Winter weather


Has anyone ever had any success using a product Called Frez Pruf (Liquid Fence)? I have heard from some palm enthusiasts that it can help reduce the damage during a cold spell. Thoughts?


Quick question, I'm receiving very light snow/rain mix but the temps here are going to be above freezing (up to 38 degrees by 4 PM) pretty much all day up until about midnight. For right now is there any reason to have concern for a 3-4 foot tall Phoenix Canariensis, unprotected? The temperature is okay, but not sure about the snow. Also, late tonight/early morning It will get to about 28 degrees. With the precipitation already here, will this almost definitely cause root damage?

BTW, I applied freeze pruff 3-4 weeks ago. Have no idea or direct visual evidence that it's worked, but after several nights below 25 degrees my Phoenix is a solid bronze(ish) color but still alive. This was also protection provided with a frost blanket.

Edited by smithgn


P. canary should be fine...I'm assuming it is in the ground. You might have some yellowing of the fronds, but the tree should survive with no problems at that temp. even with snow. Of course it is never good to have frozen precip. in the growing point of the crown. If you want to be super cautious, try and keep the crown dry. After the freeze has past, doctor the crown area with hydrogen peroxide from the grocery/drug store...full strength. This will kill any fungi that might develop around the spear from having water frozen in there. The H2O2 will turn to water once it has done its job.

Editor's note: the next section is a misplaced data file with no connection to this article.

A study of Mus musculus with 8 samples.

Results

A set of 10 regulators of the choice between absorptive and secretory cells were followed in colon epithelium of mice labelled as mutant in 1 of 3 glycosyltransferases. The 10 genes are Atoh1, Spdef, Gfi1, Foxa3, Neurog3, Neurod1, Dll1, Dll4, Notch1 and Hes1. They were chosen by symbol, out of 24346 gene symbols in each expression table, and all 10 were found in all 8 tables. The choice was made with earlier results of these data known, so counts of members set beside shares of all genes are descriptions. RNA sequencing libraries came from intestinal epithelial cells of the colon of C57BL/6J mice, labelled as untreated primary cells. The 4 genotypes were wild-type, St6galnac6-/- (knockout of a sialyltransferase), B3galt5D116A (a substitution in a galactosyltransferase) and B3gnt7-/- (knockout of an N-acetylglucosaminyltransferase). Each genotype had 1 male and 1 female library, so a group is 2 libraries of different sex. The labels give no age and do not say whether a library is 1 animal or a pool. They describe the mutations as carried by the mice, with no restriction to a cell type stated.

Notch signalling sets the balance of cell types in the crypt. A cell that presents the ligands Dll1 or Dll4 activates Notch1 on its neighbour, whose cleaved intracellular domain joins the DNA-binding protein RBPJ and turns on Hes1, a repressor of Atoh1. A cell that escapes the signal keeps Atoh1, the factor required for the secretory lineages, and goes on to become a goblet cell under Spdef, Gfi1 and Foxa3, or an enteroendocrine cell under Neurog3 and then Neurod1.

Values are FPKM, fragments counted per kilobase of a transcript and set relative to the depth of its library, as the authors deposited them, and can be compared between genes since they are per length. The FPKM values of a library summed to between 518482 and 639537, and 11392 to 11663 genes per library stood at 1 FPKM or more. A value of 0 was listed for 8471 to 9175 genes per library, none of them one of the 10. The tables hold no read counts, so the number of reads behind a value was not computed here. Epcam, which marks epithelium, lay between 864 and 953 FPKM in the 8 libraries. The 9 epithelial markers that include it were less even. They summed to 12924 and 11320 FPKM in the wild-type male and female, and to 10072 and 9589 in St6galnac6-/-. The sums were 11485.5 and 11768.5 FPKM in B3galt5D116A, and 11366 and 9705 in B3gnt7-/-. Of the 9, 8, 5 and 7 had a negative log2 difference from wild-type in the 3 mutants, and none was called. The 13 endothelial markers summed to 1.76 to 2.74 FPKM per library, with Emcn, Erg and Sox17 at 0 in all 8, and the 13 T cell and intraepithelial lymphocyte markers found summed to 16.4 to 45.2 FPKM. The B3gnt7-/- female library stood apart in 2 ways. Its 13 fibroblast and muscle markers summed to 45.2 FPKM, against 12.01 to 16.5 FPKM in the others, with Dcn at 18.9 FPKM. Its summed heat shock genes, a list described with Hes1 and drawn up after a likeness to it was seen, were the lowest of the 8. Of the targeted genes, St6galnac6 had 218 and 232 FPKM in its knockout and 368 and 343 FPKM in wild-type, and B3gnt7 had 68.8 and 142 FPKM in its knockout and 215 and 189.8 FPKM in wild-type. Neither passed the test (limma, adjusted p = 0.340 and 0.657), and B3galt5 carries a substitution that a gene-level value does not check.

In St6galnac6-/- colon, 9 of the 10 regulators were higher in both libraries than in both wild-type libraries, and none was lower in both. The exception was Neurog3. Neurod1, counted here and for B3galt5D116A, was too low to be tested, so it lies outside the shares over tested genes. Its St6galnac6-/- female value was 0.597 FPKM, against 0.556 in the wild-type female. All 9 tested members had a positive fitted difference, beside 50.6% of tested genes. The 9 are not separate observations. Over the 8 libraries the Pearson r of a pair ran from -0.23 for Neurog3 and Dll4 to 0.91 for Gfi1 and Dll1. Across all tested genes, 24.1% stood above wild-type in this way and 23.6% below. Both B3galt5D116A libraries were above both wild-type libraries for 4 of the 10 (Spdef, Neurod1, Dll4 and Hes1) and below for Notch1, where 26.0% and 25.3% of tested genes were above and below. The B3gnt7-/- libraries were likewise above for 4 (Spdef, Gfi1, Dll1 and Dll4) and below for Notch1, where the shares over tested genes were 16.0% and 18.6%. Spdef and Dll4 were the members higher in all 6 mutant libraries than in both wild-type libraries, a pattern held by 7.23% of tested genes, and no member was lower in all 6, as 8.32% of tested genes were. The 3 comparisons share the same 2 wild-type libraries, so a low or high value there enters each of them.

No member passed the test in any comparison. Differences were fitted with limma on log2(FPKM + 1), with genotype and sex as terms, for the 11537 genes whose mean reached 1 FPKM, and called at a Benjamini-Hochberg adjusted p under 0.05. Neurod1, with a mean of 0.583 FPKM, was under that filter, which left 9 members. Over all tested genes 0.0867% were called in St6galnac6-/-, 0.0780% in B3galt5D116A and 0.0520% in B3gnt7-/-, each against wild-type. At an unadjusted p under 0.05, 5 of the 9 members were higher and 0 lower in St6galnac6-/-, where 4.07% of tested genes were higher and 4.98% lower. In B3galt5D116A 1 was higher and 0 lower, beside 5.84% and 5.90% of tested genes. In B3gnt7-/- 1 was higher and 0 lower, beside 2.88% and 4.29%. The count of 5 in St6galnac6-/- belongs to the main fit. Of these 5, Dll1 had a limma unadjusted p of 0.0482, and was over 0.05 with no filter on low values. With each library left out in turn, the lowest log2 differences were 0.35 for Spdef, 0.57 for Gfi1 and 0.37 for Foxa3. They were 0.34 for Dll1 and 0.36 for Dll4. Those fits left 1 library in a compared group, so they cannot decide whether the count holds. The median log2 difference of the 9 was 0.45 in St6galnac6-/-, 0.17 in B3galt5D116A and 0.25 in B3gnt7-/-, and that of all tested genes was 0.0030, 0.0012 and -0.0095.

Thanks so much for the advice. How about Copper Fungicide instead of hydrogen peroxide? Same thing? At this point, I'm not even worried about yellowing of the fronds, my poor palm is already a full color yellow/bronze color (haha). This summer will be a recooperation session. And yes, It's in the ground.


Copper fungicide is good as well but im not sure hoe to apply. Maybe someone else will chime I on how to use it properly.


I have ample experience with Copper Fungicide since I live in Seattle and mold, fungi, moss, etc. are very much part of the gardening experience up here. Follow the manufacturer's instructions, but basically you buy a cheap spray bottle and mix water with the liquid based copper fungicide (Liqui-Cop is the brand I use). it's about a capful of Liqui-cop per liter of water. Then just shake the bottle and spray liberally on palms. I usually apply about every 2 weeks to mine. Keep in mind it's important to try to spray it on when the palms will dry relatively quickly (you don't want them wet for too long especially if night temps are going to drop below freezing). Extra water on your palms in a wet environment is never a good thing. I use Copper Fungicide more as a preventative rather than to treat already infected palms. It seems to be working quite well with my Washingtonia Robusta which has taken a ton of rain this winter. I hope this helps!